Markey Keeping Kid-Track Bill On Track

Advertisers, take note: Congressman usually gets what he wants

The prevailing wisdom in Washington is that an election year is a terrible time to pass legislation. But don’t tell that to Rep. Ed Markey (D-Mass.), who is determined to move through Congress the Do Not Track Kids Act he sponsored with Rep. Joe Barton (R-Texas), Markey’s co-chair on the Bipartisan Congressional Privacy Caucus.

Advertisers would do well to pay attention. Markey has a solid reputation for getting what he wants, even in an election year. And unlike some issues, protecting children’s privacy has broad appeal on both sides of the aisle. DNT Kids already has 30 co-sponsors.

“We’re not saying it’s easy, but we’re going to get it done,” Markey tells Adweek in an exclusive interview. “When privacy affects kids, we’re on solid ground. Constitutionally, kids have been given a much larger zone of protection.”

DNT Kids would make it a lot harder for marketers to use the Internet or mobile devices to reach children and teens. It extends to teens’ many privacy protections codified in the Children’s Online Privacy Protection Act (Coppa) applying to children 13 and under. DNT Kids would also prohibit behavioral targeting of ads to both kids and teens and require websites and apps to have an eraser button so kids and teens can delete content about themselves.

“Coppa is the communications constitution for guarding children online, but it was passed in the ‘BF Era’—or before Facebook era,” Markey says of the 11-year-old statute that the Federal Trade Commission has proposed updating. “The protections needed are exponentially greater today because of the digital trace than can be left. YouTube should not turn into YouTrack. We have to be more explicit.”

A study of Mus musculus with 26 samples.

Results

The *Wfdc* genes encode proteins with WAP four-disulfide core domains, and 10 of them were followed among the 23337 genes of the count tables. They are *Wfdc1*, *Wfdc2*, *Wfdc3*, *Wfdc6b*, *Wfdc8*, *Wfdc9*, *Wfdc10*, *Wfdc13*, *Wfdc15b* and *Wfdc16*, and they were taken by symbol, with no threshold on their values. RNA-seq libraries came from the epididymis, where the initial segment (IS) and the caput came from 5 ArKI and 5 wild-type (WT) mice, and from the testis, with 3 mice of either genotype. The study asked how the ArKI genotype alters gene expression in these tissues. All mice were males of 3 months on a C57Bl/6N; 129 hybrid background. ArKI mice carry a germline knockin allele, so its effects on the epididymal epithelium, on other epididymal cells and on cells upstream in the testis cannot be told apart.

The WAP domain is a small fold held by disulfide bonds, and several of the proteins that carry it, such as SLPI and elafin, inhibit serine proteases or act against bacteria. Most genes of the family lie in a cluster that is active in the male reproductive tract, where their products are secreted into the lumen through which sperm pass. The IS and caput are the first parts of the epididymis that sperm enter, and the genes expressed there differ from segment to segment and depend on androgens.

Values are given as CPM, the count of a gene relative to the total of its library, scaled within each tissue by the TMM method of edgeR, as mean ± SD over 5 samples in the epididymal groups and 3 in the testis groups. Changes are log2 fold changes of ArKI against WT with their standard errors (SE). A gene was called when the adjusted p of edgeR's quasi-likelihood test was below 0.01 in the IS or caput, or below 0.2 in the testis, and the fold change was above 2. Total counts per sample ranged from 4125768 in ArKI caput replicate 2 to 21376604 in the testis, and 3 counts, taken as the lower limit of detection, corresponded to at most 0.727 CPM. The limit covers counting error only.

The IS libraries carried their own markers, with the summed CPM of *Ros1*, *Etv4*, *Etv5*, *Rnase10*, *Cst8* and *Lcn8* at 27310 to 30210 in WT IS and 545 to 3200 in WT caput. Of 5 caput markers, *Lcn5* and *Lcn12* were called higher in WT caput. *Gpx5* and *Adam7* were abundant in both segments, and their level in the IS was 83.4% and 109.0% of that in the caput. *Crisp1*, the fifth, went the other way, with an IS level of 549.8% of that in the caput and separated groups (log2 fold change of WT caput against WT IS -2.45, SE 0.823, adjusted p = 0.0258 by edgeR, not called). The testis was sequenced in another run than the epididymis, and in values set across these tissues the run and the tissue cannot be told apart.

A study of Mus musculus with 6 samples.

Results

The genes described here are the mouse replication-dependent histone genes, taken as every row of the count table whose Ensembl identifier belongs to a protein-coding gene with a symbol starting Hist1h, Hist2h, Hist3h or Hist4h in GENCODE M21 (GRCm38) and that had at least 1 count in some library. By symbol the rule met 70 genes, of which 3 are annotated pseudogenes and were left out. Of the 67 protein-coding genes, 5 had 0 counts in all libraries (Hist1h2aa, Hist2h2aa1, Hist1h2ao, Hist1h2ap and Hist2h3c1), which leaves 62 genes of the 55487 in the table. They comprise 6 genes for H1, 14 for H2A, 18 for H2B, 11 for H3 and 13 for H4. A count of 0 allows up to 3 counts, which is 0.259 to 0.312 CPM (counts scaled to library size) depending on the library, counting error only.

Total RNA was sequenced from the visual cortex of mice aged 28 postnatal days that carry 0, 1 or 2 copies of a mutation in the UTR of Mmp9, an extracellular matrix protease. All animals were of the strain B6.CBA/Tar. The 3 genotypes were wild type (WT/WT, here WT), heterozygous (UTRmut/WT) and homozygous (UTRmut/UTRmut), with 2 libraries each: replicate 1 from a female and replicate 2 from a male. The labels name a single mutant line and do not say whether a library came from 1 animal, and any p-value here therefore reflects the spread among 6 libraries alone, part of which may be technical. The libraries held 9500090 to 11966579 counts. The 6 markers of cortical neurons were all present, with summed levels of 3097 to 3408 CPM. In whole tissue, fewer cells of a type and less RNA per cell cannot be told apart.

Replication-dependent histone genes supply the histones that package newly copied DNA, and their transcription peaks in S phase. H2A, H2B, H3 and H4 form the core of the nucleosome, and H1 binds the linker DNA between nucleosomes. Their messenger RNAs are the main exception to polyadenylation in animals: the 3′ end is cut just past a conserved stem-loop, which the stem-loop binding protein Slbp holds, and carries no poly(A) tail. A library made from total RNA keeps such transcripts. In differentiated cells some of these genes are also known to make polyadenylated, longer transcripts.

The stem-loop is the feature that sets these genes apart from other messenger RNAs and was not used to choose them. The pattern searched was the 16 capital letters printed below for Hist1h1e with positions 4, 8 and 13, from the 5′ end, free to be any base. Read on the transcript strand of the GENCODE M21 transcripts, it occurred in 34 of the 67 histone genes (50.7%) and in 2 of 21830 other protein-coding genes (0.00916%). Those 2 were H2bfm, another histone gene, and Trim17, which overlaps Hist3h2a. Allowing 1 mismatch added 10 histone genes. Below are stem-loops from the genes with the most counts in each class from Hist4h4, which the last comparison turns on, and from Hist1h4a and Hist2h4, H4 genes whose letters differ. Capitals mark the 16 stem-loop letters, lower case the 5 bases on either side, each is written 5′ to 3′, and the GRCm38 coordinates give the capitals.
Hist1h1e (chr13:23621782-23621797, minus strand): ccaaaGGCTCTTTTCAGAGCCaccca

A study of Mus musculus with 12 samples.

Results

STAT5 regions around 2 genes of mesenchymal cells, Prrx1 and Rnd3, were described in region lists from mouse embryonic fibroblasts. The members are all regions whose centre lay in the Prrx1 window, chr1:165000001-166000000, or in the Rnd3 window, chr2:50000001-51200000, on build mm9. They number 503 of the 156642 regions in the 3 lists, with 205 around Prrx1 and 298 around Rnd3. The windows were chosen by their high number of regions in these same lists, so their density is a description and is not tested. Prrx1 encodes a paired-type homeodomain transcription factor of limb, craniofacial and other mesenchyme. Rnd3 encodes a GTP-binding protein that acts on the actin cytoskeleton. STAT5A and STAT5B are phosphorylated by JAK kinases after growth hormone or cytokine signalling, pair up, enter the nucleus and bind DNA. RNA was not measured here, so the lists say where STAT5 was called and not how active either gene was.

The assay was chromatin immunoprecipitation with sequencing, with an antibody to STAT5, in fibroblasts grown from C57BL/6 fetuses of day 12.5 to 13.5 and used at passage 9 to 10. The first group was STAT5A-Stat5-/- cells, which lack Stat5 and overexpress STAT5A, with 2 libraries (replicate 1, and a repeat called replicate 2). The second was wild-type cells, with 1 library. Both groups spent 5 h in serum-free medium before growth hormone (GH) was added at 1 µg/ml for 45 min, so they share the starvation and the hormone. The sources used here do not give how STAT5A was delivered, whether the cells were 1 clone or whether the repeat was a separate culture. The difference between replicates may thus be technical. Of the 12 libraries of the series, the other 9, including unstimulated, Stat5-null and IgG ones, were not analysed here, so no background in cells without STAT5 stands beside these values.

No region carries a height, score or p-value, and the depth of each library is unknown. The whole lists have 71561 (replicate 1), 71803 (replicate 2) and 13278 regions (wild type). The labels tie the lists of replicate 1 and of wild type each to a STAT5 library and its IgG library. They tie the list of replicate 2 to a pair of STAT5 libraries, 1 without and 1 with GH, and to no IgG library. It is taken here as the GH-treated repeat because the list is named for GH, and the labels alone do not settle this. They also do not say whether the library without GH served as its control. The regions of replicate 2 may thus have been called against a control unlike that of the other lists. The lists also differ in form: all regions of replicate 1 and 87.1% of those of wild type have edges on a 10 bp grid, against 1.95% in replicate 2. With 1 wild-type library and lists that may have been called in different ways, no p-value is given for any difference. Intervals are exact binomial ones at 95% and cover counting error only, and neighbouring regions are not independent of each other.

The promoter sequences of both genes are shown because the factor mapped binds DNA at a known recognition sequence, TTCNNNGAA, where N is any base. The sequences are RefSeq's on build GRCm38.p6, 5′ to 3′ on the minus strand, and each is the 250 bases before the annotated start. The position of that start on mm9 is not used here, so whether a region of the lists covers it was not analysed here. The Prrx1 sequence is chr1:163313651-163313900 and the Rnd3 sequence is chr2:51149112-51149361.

To address the concerns of Markey and other legislators, advertisers are working to develop self-regulatory measures. Markey isn’t convinced that will do the trick.

“No voluntary code ever works with bad actors who see an opportunity to make money—human nature never changes,” Markey says. “Companies have to know they will be liable. And if they’re going to treat kids well and not break any laws, then what is the objection?”

One of the savviest marketers on Capitol Hill, Markey not only knows how to publicize a bill, but he also provides the kind of quotes that virtually guarantee he’ll get picked up by the press, like when he calls digital media a “21st-century playground for kids.” Markey also knows how to bring star power to a press event, whether it’s inviting Arthur the Aardvark and Big Bird to promote funding for public broadcasting or, as he did earlier this month, enlisting entertainer Nick Cannon to publicize the DNT Kids Act.

Markey has a long track record when it comes to protecting children. In 1990, he was one of the authors of the Children’s Television Act, which restricted how much advertising could air during children’s programming. And in 1996, the congressman helped pass sweeping telecommunications legislation that included the V-chip, the name he coined for the technology that gives parents the ability to block certain TV programs.

While Markey’s involvement in legislation affecting children spans more than two decades, his awareness of unfair and deceptive marketing to kids actually dates back to the 1950s and his days as a Cub Scout when his troop sat in the studio audience of the Big Brother Bob Emery Show, a children’s TV program in Boston.

It was there Markey first discovered that children are an easy target.

He recalls: “Every day, Big Brother Bob would say, ‘Now kids, tell your mom to put Bosco in your milk so we can toast the president of the United States.’ And each day, we agitated for our Bosco. But when we were in the studio, he picked up an empty glass. My idol did not chug-a-lug a glass of Bosco every day, yet there was this vulnerable audience of kids that thought he did. That’s where it all began, when I realized kids need a little extra protection.”